Biography: Nelson Mandela
One of my personal heroes is a man known for ending one of the most horrifying practices of discrimination in the world. Apartheid was a policy of the white minority in South Africa gaining control over the black majority through ludicrous laws and regulations. Nelson Mandela sought out to end apartheid in South Africa—a seemingly impossible task considering it had been going on since 1948 when the National Party won the election under the stance of apartheid. These policies were similar to the Jim Crow laws in the southern United States, with the white minority abusing the black citizens. Mandela made it his life goal to end this horrible practice, but it was not without struggles.
Mandela became well educated in law and eventually realized the injustice in his country. He chose to act upon this injustice by using non-violent techniques to get his desired results. He protested vehemently, but when he saw this as ineffective, he chose to sabotage the oppressive government by destroying government building and sabotaging power lines and crops. He never wanted to do these acts, but after years of non-violence, he knew action had to be taken. Mandela made sure never to hurt anyone through his acts, while simultaneously attempting to make the government officials’ lives difficult. After being on the run from the government for almost 17 months, Mandela was tracked down and promptly arrested and convicted as a political prisoner. For almost 30 years he sat and waited in prison for an opportunity to continue fighting for what he believed in.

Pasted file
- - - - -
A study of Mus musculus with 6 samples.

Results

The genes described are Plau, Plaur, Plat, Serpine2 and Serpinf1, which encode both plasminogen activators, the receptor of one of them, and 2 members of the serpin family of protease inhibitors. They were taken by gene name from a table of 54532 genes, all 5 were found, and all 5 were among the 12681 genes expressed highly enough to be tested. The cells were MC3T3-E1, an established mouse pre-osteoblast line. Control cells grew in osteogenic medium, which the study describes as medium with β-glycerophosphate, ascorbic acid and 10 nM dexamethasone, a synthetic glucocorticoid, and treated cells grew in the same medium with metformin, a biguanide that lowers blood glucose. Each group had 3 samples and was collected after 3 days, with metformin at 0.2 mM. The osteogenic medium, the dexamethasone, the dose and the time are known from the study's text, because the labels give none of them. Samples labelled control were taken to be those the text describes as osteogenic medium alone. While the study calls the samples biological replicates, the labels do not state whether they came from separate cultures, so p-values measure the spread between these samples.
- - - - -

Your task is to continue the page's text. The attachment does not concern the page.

Eventually in 1990, Mandela was released from prison. He immediately took up his activism to end apartheid. After 4 years of negotiations with the National Party and other protests, he ran for president and won! In 1994 Mandela ended apartheid and became a worldwide symbol of standing up for tolerance. Mandela was president for 5 years and then later became a worldwide activist for justice teaching all of us to stand up to what we believe in.
I learned that courage was not the absence of fear, but the triumph over it. The brave man is not he who does not feel afraid, but he who conquers that fear.
It is better to lead from behind and to put others in front, especially when you celebrate victory when nice things occur. You take the front line when there is danger. Then people will appreciate your leadership.
For to be free is not merely to cast off one’s chains, but to live in a way that respects and enhances the freedom of others.